Creative Freelancing: How To Get Paid

Whether you’re a photographer, writer, designer, or a filmmaker, all creative people know that the only thing harder than actually creating… is getting paid for it. Here’s a guide to starting out as a freelancer in the creative arts industry.


Build Your Portfolio

As a freelancer, you will be judged on the quality of what you can actually produce. Having good work experience is useful, but it’s most important to have a strong body of work to show people.

If you have the know-how, a website is usually the best way to showcase yourself. If you want to build and customise your own site, WordPress is a good choice, even if you’re not that tech savvy. Some companies even use Tumblr to market themselves these days (it’s not just for memes!), and the site is a particular haven for artists. Art on Tumblr can quickly reach an audience of thousands, and you can easily build a fanbase and offer commissions, as well as having somewhere to host picture content.

Flickr and 500px are great for photographers. If you’re writer, it may be useful having a PDF document (hosted on something like Google Drive) with clickable links of your work.

If you don’t have a portfolio, start putting something together. Ask to contribute to a blog or website as a guest author, do some passion projects with friends, or, just make up some sample work so that you can show employers what you are capable of.


Don’t Work For Free

Or at least, don’t work for free unless you have nothing in your portfolio.

As much as working for free can be beneficial, the fact is that you can’t buy your groceries with ‘great exposure’.

Doing a full-time unpaid internship is almost impossible unless you already have savings or someone to support you. If you have the means to do this and want to, go ahead!

However, for most creative professionals, especially freelancers, working for free is pretty taboo. Not only is it irritating on a personal level, but it devalues the work of creative people in general. If a company can afford to pay for a job listing on Gumtree, they can afford to pay you!

This doesn’t mean you should charge outrageous prices, nor should you undersell yourself (you really should be getting paid at least minimum wage). Do research! There’s a bit of debate on whether you should charge by project or by the hour. Use your common sense and see what works for you.


Brand Yourself

Having a brand doesn’t necessarily mean you need to walk around wearing a t shirt with your logo on it every day, but as a freelancer, you should stand apart from your peers.

That doesn’t necessarily mean being better than everyone else, but you should try to find out what your USP (Unique Selling Point) is, so that clients who want your kind of work can easily find you.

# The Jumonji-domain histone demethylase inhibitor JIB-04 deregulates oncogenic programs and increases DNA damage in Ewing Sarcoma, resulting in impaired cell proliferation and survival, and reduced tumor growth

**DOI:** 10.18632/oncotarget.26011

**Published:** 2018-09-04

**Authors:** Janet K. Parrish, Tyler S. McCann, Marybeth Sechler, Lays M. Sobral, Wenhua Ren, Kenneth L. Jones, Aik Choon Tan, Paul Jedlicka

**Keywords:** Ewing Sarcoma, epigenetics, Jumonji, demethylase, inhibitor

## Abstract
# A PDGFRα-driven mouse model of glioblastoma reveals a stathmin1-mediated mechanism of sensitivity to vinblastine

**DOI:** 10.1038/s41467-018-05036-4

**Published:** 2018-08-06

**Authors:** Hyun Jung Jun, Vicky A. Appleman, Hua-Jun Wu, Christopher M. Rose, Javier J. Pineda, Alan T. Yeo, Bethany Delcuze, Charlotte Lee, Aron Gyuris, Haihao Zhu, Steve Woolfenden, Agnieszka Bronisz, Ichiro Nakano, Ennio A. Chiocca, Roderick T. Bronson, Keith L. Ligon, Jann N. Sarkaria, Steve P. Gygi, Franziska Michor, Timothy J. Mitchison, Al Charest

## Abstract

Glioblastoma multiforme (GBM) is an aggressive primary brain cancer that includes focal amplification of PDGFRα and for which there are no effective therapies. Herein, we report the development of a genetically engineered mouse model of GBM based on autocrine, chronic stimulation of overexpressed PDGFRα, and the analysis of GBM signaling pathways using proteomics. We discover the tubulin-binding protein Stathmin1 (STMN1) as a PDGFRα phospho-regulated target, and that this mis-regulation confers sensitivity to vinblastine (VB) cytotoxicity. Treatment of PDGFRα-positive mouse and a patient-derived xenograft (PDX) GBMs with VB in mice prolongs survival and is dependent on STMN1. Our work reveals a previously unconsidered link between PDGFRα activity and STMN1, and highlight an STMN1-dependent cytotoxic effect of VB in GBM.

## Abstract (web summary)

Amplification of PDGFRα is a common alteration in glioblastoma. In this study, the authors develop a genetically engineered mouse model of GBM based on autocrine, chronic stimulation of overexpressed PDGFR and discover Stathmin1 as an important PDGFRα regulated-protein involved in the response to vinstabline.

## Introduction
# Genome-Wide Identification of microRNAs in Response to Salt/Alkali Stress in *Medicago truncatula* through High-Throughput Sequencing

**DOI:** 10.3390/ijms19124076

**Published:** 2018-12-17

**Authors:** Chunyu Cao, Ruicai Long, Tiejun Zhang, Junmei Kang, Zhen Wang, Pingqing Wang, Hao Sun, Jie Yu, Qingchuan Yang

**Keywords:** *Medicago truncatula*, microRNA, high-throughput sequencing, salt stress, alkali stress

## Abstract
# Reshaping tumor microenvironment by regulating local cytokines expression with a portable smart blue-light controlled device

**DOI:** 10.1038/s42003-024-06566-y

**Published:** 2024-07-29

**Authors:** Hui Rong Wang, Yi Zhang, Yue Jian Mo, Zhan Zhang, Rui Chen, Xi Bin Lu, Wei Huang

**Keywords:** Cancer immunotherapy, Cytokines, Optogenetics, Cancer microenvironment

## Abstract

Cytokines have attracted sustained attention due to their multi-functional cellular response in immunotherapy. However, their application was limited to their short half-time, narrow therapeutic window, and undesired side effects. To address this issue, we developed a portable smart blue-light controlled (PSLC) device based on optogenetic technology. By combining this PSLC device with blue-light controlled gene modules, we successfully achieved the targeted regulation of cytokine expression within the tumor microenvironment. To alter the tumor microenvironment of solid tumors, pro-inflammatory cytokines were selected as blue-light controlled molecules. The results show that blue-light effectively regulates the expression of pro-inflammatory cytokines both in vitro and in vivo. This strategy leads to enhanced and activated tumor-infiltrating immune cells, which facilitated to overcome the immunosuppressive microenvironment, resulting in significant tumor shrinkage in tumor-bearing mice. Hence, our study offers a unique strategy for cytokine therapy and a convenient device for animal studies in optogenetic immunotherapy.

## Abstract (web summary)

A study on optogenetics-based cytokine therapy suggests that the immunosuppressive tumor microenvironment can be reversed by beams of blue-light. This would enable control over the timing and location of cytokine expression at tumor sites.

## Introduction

Things like having a logo are good. You should almost definitely have a business card – they’re worth their weight in gold. Having up-to-date social media and contact information is essential, as well as having a professional-sounding email address (because “x0xGothicGirl94x0x” probably won’t instil much respect in potential clients).


Get Hired

While a lot of websites like Indeed or Monster will list all kinds of jobs, it can be tiresome to trawl through loads of irrelevant webpages. (Of course, Inspiring Interns has hundreds of graduate job listings that can be filtered by industry.)

Hiive offers a place for people to collaborate on projects and host content, as well as listing competitions and funding opportunities (great for filmmakers and artists).

Online freelancing can be quite lucrative if you can create stuff with a quick turnaround. Fiverr is a site which acts as a ‘digital marketplace’ for creative and digital services – people can browse and buy anything from logos to personalised jingles from $5 (about £3.80) per “gig”. Here is quite a comprehensive guide to online freelancing, if you fancy trying it out.

And the key to getting hired? Apparently, it’s networking – check out Prasad’s guide here.

And there we have it! Freelancing as a creative can be hard, but being able to do what you love on your own terms (while getting paid for it) is definitely worth it. Get out there and give it your best shot!


Honey McKenna is a guest contributor for Inspiring Interns. A recent English Language graduate from Cardiff University, she currently writes and does photography on a freelance basis.


Inspiring Interns is a graduate recruitment agency which specialises in sourcing candidates for internship jobs and giving out graduate careers advice. To hire graduates or browse graduate jobs London, visit our website.